NEW CASTLE SALTINES
Illustrated Bites of Island News
Jim Cerny, reporting and photography
Public occurrences … High tea … Looking for spring … Spring blizzards … Quick index to back issues
Alex Mitrushi.Police update. The department now has four full-time officers, though some have not completed state training. The most recent addition is Alex Mitrushi, seen here when he was directing traffic!
- School budget. The annual school meeting to vote on the budget is scheduled for March 16 at 7 p.m. in the Macomber Room of the Library. By the end of the first week in March, all town voters should have received their printed copy of the annual school district report in the mail, which contains full details.
- School board. At the March school board meeting, member Ron King stated that he is not seeking re-election when his three-year term expires this spring. This position is part of the town ballot in May and the filing period is March 24 – April 2.
- School building. The school board has formed a School Expansion Committee to take a fresh look at building needs, influenced by the successful approach of the Safety Building committee. The intent is to spend 2010 developing a plan for presentation to the budget process in 2011. Dave McGuckin is the chair of the six-person committee, which is holding its first organizational meeting on March 4, after which all meetings will be posted and open to the public.
- Donor towns. Donor towns is an issue that won't die, of great importance to New Castle and Rye, as these small towns would make large payments in this Robin Hood scheme. The so-called "collar" that has eliminated these transfers for two years is about to expire and so far the legislature has not approved a bill to extend it and has not come up with an alternative funding mechanism. If donor towns come back, as seems likely, it will be reflected in our 2011 property tax bills. Projections for this additional tax, as of mid-February, but likely to increase, are: $1,178,000 for New Castle and $1,403,000 for Rye.
- The tax rate. The 2010 New Castle tax rate is expected to increase by approximately a dollar over the 2009 rate — the two largest components of increase are fixed costs required in the school budget (salaries, tuition payments) and the start of bond payments for the Safety Building and purchase of the Back Channel (Casso) Islands.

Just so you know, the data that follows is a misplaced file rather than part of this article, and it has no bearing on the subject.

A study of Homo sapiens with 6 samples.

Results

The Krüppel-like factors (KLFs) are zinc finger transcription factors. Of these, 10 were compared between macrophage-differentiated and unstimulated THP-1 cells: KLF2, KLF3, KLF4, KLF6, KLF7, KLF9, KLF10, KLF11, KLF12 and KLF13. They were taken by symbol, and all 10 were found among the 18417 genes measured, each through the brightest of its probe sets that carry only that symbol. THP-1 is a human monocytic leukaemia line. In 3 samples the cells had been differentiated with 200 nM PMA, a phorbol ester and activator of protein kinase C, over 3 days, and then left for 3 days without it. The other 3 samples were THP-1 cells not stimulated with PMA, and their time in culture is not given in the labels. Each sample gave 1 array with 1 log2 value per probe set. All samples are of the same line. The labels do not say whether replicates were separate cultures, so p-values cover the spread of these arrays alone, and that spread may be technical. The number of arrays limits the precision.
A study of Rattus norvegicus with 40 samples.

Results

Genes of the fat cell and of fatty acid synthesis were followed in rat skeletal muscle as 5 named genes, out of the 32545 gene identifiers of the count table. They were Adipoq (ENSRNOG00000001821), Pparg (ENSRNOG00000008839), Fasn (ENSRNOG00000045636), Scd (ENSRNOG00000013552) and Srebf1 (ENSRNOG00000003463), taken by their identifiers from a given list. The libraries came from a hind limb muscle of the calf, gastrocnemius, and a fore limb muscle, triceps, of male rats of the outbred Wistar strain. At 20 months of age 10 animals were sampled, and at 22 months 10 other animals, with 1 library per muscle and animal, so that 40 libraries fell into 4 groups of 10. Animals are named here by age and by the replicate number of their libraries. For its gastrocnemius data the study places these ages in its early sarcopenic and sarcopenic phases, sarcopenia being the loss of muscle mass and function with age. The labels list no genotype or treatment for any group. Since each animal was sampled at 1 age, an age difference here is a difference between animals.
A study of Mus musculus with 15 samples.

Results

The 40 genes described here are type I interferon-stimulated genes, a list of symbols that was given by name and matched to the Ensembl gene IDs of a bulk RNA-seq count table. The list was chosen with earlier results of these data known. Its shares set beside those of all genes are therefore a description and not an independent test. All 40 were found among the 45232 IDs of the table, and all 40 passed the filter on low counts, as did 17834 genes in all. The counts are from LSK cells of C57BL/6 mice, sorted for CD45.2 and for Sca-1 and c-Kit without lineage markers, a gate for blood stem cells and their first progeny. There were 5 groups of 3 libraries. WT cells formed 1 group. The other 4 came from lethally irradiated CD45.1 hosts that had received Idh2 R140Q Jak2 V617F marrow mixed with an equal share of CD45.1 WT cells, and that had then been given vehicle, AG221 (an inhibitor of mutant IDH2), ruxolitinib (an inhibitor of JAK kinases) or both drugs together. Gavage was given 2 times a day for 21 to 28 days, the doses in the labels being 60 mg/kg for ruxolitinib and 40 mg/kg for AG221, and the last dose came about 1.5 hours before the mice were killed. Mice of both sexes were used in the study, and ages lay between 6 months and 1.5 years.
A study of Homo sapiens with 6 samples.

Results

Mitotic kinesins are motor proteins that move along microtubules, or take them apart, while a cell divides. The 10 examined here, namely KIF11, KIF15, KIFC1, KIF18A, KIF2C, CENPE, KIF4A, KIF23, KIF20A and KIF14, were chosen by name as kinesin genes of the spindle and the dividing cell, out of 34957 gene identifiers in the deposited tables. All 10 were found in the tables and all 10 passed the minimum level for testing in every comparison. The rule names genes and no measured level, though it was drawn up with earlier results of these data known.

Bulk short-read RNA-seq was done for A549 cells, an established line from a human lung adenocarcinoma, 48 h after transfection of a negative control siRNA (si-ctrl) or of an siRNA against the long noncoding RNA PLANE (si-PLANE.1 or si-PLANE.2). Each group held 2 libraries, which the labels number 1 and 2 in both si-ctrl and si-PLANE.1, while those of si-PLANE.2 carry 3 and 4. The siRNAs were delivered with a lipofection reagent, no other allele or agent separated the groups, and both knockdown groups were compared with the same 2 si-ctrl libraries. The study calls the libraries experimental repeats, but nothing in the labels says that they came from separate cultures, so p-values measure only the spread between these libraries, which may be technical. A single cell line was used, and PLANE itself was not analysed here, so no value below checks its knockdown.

- Other capital expenditures. There are several capital expenditures under serious discussion. Besides the school expansion mentioned above, these are the so-called "Safe Path" project and a proposal to replace the town maintenance building (aka "shack") at the Common. If all these expenditures are approved by voters, plus combined with a return of the donor town tax, then it is quite likely the 2011 tax rate will be double that of 2009 — over $8.00/thousand — something many in New Castle are probably unaware of.
Once I couldn't even spell "H-i-g-h T-e-a"
, but that all changed after observing the Valentine's High Tea at Henrys' Market!
Three generations of Spaulding women on leaving the Tea: Emilie Spaulding, Isabella Stewart, and Susan Spaulding.
Last year's bird nest, at the edge of a marsh, incorporating a piece of plastic. Probably that of a red-winged blackbird.
A female mallard in the Portsmouth South End where the ducks and swans like to gather.
The old wagon at the Wentworth Hotel on the morning after a snowfall on February 16.
The morning after the great February 25 wind storm at New Castle Beach, looking south. Mother Nature is rinsing the beach! Click on image for a larger view.
Late spring blizzards often find a place in lore and legend and the most famous is the blizzard of 11-13, 1888 (Blizzard of '88). This was really a storm of the southern Hudson River Valley and Connecticut River Valley, with extreme cold, wind, and over 40 inches of snow in places, paralyzing New York City with spectacular drifts of heavy snow, leading to dramatic accounts of rescues.
An old-fashioned snow roller, used to pack the roads for travel by sleigh — this one is in the Kittery Historical and Naval Museum.
The most remarkable late season storm that I have experienced in the Seacoast was in early April and is little remembered, perhaps because it has no special name and because snow melts so much more quickly then. We had over a foot of snow, high winds, and temperatures around 20F on April 6-7, 1982. The snow was very dry and after the storm passed and explosively intensified over Nova Scotia, the wind blew it in great clouds the next day, some 15 feet in the air with extreme drifting. The landscape was indistinguishable from mid-January except for the angle of the sun.
Weather map for April 6, 1982 at 7 a.m. EST. (NOAA Central Data Library Imaging Project)
The latest I've ever seen snow fall and stick to the ground was on May 18, 2002, through the Durham-Dover area and northward. Yes, I said May, gasp! It was a Saturday morning with cold rain that gradually shifted to snow and for about an hour it snowed and accumulated on grassy areas and the leaves of trees! Of course it melted almost immediately when the snow stopped. Looking at the radar imagery at the time, it appeared that the rain drew down a pool of cold air from higher levels, centered on the Winnipesaukee area, that then spread out in a large circle, making it cold enough to snow for a while.
Snowing in my back yard in Madbury about 11 a.m. on Saturday, May 18, 2002.